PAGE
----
To illustrate this, I will consider one of the more recent examples of the Empire's dealings with natives in the twentieth century, namely Kenya.

Was the British empire of tolerance, decency and the rule of law?

Caroline Elkins, a professor at Harvard, spent nearly 10 years compiling the evidence contained in her book Britain's Gulag: the Brutal End of Empire in Kenya.

She started her research with the belief that the British account of the suppression of the Kikuyu's Mau Mau revolt in the 1950s was largely accurate. Then she discovered that most of the documentation had been destroyed. She worked through the remaining archives and conducted 600 hours of interviews with Kikuyu survivors - rebels and loyalists - and British guards, settlers and officials.

Her book is fully and thoroughly documented. It won the Pulitzer prize. But as far as Sandbrook, James and other imperial apologists are concerned, it might as well never have been written.

Was the British empire of tolerance, decency and the rule of law?

Elkins reveals that the British detained not 80,000 Kikuyu, as the official histories maintain, but almost the entire population of one and a half million people, in camps and fortified villages. There, thousands were beaten to death or died from malnutrition, typhoid, tuberculosis and dysentery. In some camps almost all the children died.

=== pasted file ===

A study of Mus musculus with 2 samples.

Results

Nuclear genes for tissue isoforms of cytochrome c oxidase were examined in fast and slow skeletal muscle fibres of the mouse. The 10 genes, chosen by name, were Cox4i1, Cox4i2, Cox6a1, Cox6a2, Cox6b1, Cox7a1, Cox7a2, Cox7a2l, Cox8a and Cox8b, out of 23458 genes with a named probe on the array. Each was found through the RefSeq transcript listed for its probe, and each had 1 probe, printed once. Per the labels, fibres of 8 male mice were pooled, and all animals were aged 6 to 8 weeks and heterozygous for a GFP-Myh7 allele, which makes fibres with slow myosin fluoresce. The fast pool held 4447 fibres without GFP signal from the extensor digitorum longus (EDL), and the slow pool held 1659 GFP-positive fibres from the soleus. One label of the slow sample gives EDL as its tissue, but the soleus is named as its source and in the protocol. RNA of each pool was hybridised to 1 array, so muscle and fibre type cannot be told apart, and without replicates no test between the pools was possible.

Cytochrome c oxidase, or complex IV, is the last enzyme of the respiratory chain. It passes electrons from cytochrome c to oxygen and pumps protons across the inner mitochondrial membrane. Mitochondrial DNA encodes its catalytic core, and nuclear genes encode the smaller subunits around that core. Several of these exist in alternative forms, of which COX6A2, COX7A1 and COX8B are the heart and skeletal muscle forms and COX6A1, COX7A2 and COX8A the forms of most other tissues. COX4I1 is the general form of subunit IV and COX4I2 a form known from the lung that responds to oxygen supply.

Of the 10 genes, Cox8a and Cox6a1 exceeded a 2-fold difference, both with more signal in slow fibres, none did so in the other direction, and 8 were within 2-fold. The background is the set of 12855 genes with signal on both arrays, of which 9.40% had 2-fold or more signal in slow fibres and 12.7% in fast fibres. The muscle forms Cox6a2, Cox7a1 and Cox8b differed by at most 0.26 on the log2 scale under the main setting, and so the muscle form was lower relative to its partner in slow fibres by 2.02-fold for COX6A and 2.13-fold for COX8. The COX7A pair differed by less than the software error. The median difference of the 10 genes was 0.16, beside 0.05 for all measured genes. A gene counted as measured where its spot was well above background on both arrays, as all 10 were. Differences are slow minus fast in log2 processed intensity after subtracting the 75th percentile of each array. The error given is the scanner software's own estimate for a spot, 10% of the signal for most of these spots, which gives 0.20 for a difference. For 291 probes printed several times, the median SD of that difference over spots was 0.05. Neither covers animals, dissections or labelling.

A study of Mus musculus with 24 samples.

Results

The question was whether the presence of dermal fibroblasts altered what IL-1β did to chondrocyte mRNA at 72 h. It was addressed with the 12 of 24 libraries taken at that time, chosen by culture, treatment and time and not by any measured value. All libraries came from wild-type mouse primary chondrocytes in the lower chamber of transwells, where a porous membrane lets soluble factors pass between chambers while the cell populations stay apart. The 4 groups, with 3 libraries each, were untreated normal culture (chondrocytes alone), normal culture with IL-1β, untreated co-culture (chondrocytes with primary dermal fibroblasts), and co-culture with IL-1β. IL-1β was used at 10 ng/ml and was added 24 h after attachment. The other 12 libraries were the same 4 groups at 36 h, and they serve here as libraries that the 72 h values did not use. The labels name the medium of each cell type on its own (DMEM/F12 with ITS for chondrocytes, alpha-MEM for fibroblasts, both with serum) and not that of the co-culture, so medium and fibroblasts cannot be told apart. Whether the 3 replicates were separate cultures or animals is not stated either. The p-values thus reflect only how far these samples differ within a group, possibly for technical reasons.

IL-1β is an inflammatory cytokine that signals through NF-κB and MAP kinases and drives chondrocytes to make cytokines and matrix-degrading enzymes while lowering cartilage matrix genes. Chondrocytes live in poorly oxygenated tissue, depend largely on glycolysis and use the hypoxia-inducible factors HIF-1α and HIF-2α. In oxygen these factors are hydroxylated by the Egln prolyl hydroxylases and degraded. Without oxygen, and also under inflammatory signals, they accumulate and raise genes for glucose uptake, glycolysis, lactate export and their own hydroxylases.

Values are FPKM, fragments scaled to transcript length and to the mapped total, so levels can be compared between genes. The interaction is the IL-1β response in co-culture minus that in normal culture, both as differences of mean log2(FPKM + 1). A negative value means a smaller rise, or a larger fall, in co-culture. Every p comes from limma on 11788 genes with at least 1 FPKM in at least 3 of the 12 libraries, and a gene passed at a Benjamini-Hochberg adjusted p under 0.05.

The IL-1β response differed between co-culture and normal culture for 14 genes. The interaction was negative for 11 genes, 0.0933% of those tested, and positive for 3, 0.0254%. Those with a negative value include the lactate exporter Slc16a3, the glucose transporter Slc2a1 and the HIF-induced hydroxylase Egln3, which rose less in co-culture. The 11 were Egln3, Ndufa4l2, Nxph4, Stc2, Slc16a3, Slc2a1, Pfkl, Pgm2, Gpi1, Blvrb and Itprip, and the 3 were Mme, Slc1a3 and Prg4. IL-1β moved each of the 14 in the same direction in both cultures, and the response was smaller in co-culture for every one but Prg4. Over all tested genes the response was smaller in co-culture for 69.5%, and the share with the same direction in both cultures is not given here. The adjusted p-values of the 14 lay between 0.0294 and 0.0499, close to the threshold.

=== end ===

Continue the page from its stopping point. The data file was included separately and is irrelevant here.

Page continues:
The inmates were used as slave labour. Above the gates were edifying slogans, such as "Labour and freedom" and "He who helps himself will also be helped". Loudspeakers broadcast the national anthem and patriotic exhortations. People deemed to have disobeyed the rules were killed in front of the others. The survivors were forced to dig mass graves, which were quickly filled. Unless you have a strong stomach I advise you to skip the next paragraph.

Interrogation under torture was widespread. Many of the men were anally raped, using knives, broken bottles, rifle barrels, snakes and scorpions. A favourite technique was to hold a man upside down, his head in a bucket of water, while sand was rammed into his rectum with a stick. Women were gang-raped by the guards. People were mauled by dogs and electrocuted. The British devised a special tool which they used for first crushing and then ripping off testicles. They used pliers to mutilate women's breasts. They cut off inmates' ears and fingers and gouged out their eyes. They dragged people behind Land Rovers until their bodies disintegrated. Men were rolled up in barbed wire and kicked around the compound.

Elkins provides a wealth of evidence to show that the horrors of the camps were endorsed at the highest levels. The governor of Kenya, Sir Evelyn Baring, regularly intervened to prevent the perpetrators from being brought to justice. The colonial secretary, Alan Lennox-Boyd, repeatedly lied to the House of Commons.

This was a vast, systematic crime for which there has been no reckoning to date.